The Purification of Gold

When you sell your gold to a dealer, they often send this to a refinery for it to be purified. Intact gold jewellery, newly mined or otherwise goes through a purification process. Most dealers might be conversant with the concept, but the process of refining gold itself might be a little obscure. The process of refining gold involves the physical separation of gold particles manually and chemically.

Gold that is extracted from the earth is not pure. It is often mixed with other metals. To find a sizeable amount of gold vast quantities of soil has to be processed. Natural gold nuggets typically have 70 to 90% of gold. After physical separation, the gold is either subjected to heat or chemical treatment. Gold is subjected to extremely high temperature until it melts. Because of its density gold will then settle at the bottom of the molten liquid mix whilst other metals stay at the top to be skimmed off. This technique is quick and efficient, but you can only hope for a purity level of about 99.5%. This is not gold at its finest. The process of heating gold ore is an old one that has been used since ancient times. To get the gold to a finer level of purity i.e. 99.9% refineries treat the molten gold with chemicals. The inclusion of chemicals in the process of refining gold began in 1874 and since then refinery technology and methods have been evolving and getting better.

What happens next is that the molten gold is put in a chemical bath and an electrical current is passed through the gold. The physics and chemistry of this process are complex, so we won’t get into them. However, the gold that comes out of that process is 99.99% higher. The higher the purity of gold the higher the gold price.

The process of chemical processing produces investment grade gold, the kind of gold that goes into making bullion coins and gold bars. It is not uncommon for the process to stop after the melting process when the refineries aren’t required to produce pure gold. For instance, 14k gold is only 58.3% pure and contains other metals. Gold is a soft metal, but the addition of other alloys can improve its strength. Gold used in jewellery for instance needs to be soft enough to make it easier for jewellers to mould their designs but it also has to be hard enough to retain its shape and durability. Gold bullion bars and coins are made with 99.99% or (24k) investment grade gold, so the chemical refining process is essential. However not all coins are made of investment grade gold.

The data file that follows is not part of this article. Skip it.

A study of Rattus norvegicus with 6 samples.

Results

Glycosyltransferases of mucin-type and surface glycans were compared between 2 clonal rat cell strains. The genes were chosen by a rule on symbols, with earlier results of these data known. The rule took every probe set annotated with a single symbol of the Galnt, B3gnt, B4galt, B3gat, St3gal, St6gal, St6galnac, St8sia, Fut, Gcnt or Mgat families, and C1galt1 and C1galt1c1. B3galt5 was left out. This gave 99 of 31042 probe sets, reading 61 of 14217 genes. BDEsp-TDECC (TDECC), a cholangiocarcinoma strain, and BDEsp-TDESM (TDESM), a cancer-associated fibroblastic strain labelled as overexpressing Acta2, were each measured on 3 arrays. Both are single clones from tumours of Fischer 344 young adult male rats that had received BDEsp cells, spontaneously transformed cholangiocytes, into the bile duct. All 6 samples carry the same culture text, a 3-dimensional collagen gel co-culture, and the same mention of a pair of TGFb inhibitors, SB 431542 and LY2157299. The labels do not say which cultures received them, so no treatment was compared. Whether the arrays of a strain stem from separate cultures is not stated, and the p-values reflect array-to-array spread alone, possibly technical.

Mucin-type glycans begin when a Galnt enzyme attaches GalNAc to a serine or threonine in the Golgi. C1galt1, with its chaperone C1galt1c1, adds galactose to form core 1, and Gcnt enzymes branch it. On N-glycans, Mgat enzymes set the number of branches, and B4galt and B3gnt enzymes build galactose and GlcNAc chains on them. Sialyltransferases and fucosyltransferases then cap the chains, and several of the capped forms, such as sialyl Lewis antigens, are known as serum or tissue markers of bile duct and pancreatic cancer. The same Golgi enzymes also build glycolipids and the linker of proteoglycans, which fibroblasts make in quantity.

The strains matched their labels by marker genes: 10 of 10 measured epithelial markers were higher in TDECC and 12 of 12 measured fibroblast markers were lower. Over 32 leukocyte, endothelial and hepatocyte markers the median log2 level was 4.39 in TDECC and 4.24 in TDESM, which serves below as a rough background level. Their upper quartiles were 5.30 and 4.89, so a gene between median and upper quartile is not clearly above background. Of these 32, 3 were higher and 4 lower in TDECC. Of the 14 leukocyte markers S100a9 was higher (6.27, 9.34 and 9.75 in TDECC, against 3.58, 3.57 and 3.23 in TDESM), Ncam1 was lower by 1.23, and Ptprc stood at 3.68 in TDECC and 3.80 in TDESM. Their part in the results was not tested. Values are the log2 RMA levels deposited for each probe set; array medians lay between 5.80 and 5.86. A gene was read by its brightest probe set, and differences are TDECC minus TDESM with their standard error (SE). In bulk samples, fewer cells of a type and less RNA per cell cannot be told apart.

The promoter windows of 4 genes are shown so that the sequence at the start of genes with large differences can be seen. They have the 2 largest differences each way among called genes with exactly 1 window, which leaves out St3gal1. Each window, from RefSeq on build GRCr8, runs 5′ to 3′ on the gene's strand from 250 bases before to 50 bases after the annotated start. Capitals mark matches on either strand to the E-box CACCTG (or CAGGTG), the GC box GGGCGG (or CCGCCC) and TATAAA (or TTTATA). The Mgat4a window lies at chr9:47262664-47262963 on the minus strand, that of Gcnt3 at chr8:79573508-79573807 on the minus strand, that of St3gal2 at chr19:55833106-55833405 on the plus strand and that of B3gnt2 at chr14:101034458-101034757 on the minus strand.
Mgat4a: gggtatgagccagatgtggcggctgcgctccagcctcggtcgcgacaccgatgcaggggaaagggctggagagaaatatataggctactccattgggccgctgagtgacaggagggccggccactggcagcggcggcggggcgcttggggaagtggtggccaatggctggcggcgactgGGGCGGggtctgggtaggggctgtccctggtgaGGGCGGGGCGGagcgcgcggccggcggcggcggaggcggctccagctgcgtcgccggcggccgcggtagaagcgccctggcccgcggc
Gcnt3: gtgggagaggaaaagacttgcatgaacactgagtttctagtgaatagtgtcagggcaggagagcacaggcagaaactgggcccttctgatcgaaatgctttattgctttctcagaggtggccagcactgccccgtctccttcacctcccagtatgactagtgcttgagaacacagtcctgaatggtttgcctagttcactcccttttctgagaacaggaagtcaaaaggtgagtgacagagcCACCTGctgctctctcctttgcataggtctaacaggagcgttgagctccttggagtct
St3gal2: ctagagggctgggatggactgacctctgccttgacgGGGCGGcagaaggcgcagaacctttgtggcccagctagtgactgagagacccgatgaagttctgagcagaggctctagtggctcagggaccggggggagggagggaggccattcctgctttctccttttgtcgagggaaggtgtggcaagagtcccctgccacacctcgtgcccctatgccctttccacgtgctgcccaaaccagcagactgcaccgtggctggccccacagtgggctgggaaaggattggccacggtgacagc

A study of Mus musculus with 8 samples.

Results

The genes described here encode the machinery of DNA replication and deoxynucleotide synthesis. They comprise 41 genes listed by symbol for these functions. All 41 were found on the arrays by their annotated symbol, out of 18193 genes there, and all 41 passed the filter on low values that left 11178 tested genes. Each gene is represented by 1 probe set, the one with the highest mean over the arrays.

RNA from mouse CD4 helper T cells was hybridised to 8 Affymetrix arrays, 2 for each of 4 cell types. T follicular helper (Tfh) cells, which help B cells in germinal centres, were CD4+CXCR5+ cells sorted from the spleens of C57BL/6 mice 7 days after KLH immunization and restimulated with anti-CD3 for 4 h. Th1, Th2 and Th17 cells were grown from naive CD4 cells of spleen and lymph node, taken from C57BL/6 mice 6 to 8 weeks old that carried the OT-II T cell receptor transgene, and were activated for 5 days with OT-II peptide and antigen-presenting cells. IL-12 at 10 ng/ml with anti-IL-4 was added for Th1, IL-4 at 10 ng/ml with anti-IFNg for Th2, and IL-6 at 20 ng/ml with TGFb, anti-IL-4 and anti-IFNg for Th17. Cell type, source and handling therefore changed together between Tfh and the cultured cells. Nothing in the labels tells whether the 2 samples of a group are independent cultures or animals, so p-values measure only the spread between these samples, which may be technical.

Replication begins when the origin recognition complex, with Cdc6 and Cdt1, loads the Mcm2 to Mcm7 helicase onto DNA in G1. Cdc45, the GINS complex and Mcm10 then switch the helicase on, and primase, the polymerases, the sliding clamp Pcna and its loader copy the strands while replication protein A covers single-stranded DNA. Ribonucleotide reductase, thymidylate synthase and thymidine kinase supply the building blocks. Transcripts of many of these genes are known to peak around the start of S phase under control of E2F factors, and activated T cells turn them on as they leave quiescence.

Vintage gold coins like pre-1933 US gold coins and some older British Sovereigns, the Mexican Gold Pesos, etc. were created with copper alloys to make the harder and more ductile. The coins may still contain troy ounces of gold but because of their age, the gold price might be slightly different from that of newly struck gold or rounds and bars that were struck after 2002. Collectors influence the price of older coins because they don’t only buy coins for their purity but also for their age, their history and their provenance.

High levels of gold may sound like the best thing, however there is one downside: 99.99% fine gold is too soft and is prone to abrasions. This is why it is important for buyers of bullion to keep their gold in protective containers.